Tuesday, March 10, 2015

The Reason

You know that effect everyone talks about, where all the things you're reading in different classes (no matter how different they are) suddenly converge and seem like they're all expressing the same exact theme and message? Well, I've been having that experience lately despite being some time out of college.

I watched Swept from the Sea (which is based on Joseph Conrad's story "Amy Foster," which I really need to read) and Divergent and certain things about them seemed so similar in my head that at one point I was thinking of a quote that I literally couldn't remember if it had come from one movie or the other. I read the Divergent trilogy. I listened to "Beating Heart" and then bought the Deluxe Edition of Ellie Goulding's Halcyon Days and somehow ended up listening to it in tandem with Fireflight's two new singles from their upcoming album, Innova--and the sound of everything was coming together. I went to Picacho Peak (State Park) and reread parts of The Host (which takes place in that area). And I read Lacey Sturm's autobiography, The Reason (she was the singer in Flyleaf before she stepped down). And it is all converging into this one theme and I can't separate any of it because I'm just seeing connections everywhere, in these things and everywhere I look.

Though this book came out towards the end of last year, I didn't hear about it until January. I already knew a little of Lacey's story, but given how much I love Flyleaf, I really wanted to read her book. At the same time, I think this book was what I was expecting and something a little more. Before I get into that, though, I just want to take a moment to appreciate Jordan Clarke's illustrations: they add just the right touch and perfectly express what is on the page.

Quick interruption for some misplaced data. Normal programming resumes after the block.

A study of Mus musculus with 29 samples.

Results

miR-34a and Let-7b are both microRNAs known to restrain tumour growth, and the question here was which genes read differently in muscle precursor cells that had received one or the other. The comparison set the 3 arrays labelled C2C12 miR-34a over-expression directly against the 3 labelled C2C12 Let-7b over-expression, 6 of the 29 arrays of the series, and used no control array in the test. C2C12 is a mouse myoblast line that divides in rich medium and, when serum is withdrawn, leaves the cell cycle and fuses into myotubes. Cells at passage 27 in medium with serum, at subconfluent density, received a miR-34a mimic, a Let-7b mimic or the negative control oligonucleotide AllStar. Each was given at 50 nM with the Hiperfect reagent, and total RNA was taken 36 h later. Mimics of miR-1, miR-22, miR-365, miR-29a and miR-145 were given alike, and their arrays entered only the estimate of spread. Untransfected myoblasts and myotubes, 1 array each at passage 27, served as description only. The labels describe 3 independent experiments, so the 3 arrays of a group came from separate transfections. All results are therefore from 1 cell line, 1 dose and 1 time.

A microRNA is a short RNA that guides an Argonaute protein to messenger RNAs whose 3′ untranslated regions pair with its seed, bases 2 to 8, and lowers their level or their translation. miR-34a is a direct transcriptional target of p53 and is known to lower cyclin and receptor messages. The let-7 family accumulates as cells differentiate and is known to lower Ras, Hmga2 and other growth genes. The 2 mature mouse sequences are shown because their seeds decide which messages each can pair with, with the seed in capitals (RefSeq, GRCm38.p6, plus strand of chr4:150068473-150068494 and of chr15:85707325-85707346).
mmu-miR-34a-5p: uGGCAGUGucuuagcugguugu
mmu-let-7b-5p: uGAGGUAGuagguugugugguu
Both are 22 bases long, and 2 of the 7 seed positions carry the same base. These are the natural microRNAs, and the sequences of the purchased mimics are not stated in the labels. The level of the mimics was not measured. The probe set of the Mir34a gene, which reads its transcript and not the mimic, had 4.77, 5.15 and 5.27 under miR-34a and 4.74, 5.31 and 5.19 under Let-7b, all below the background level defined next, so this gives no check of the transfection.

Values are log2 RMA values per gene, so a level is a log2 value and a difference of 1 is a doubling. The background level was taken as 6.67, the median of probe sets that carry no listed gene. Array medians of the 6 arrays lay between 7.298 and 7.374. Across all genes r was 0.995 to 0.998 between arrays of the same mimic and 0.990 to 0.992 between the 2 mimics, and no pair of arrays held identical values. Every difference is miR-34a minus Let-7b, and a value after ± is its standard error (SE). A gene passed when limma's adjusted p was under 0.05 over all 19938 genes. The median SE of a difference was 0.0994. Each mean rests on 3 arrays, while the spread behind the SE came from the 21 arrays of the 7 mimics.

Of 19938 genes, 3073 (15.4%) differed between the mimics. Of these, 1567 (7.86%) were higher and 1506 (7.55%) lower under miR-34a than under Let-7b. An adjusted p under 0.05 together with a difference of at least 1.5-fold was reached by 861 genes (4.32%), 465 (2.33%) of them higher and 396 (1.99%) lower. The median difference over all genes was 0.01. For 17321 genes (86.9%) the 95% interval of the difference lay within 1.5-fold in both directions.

Coming in, I had thought it was more of an autobiography. It is--but not entirely. Lacey gives out the most details for the early days of her life, then she focuses more on a thematic journey through the following years, giving descriptions of certain important moments. So I think if you want it to be an autobiography as in a detailed account of every stage of her life and everything she's done, then you won't be getting that. Her focus is more on the theme of her life--just like Flyleaf's music, in fact.

It's the story of going from rebellion and obsession with darkness to discovering the light. That in itself is powerful, as is Lacey's deep commitment to telling this story. For me personally, I think there were two things that stood out to me most. First is Lacey's love of people. It's easy to say that you care about people but then forget that the people around you at a store or class or work or hair salon or wherever you happen to be are these people--everyone you come across deserves your respect and your love and it's easy to stray from that, whether in making fun of a stranger's outfit behind their back or saying something rude or whatever it might be. That is no way to promote light.

The second thing was empowerment (you see my connection to Divergent now, right?). Maybe as a quieter, I'd-rather-stand-in-the-back-than-go-up-front type of person, this was something I really needed a reminder of. There is power in knowing that there is a God greater than you who watches over you and helps you in all that you do--alone, what can we do? But if we are not alone, then we need not fear or cower in the background; we can. We can live and we can do. Here is where you start playing Fireflight's "We Are Alive." Or if you'd rather stick to the Flyleaf theme, try "Fully Alive," "All Around Me," "New Horizons," and "Beautiful Bride." That last song played in my head quite a bit as I read: it's that feeling of unity. Let's not forget that unity.